Medication may be used to treat cognitive symptoms of Alzheimer’s disease, although these drugs are not to be thought of as a cure or treatment, per se. One of these drugs is memantine, known as the brand name drug Namenda. This drug is an NMDA receptor agonist and helps regulate glutamate activity in the brain, which is a chemical that helps with information processing.1 Memantine has been approved to treat moderate to severe Alzheimer’s disease. While this drug (and others) help address symptoms of Alzheimer’s, they do not treat the underlying disease or stop the progression of the disease.

What is/are the ingredient[s] in memantine?

Memantine hydrochloride is the active ingredient in memantine, which is an orally active NMDA receptor agonist. Inactive ingredients include talc, magnesium stearate, microcrystalline cellulose, titanium dioxide, and others.2

How does memantine work?

Glutamate is an amino acid and neurotransmission, or transmission of this chemical in the brain, is necessary for activity of nerve cells. Excessive activity, though, can cause cell death and the neurodegeneration seen in Alzheimer’s disease.3 Memantine helps regulate glutamate activity and block extrasynaptic transmission of glutamate.3 This drug does not cure Alzheimer’s, but may help in addressing cognitive symptoms of the disease.

What are the possible side effects of memantine?

Any time a person takes a medication, side effects are a possibility. Many side effects resolve on their own, but for some people, they can be bothersome enough to stop the medication. The most common side effects of memantine can include dizziness, headache, confusion, and constipation.2 Other side effects can include fatigue, hypertension, vomiting, and sleepiness.2 If a patient experiences any side effects or any symptoms that are out of the ordinary when taking memantine, tell the doctor immediately.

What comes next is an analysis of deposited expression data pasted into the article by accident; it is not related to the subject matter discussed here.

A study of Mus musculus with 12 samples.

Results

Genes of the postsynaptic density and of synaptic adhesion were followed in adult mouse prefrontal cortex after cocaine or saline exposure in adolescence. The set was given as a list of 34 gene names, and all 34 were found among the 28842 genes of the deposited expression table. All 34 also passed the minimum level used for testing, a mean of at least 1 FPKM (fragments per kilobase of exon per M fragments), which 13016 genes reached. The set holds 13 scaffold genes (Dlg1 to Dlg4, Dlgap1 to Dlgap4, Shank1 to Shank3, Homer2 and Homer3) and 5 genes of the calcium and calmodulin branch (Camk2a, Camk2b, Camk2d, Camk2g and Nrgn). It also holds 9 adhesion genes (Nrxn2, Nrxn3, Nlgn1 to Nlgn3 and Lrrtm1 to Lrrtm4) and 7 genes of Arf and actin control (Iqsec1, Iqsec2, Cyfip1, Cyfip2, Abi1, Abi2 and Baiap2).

Things to know about memantine

If a patient is taking any other medications, tell the doctor. Memantine has the potential to interact with other medications or cause adverse effects. If the patient regularly drinks alcohol, talk with the doctor about whether memantine is the best medication for the patient, as the drug may interact with alcohol or cause adverse effects.

Dosing information

The recommended starting dose is 5mg once a day, and it can be taken with or without food.2 After at least one week of this dose, the dosage can be increased to 10mg daily (5mg twice a day).2 After at least one week on this dose, it can be increased to 15mg daily, with the doses being split into 5mg and 10mg.2 After at least one week on this dose, it can be increased to 20mg daily (10mg given twice a day).2 If a patient misses a dose, do not double up on the next dose; just take the next dose as regularly scheduled. If the patient misses several days of this medication, tell the doctor; they might need to reduce the dosage and start the dosing process over or return to a lower dosage temporarily and build back up.

For more information, read the full prescribing information for memantine.

  1. Alzheimer’s Association. Medications for Memory. 2019. https://www.alz.org/alzheimers-dementia/treatments/medications-for-memory Accessed February 26, 2019.
  2. Namenda prescribing information. 2018. https://www.allergan.com/assets/pdf/namenda_pi Accessed February 27, 2019.
  3. Wang R, Reddy PH. Role of glutamate and NMDA receptors in Alzheimer’s disease. J Alzheimers Dis. 2017; 57(4): 1041-1048. Doi: 10.3233/JAD-160763. Accessed March 1, 2019.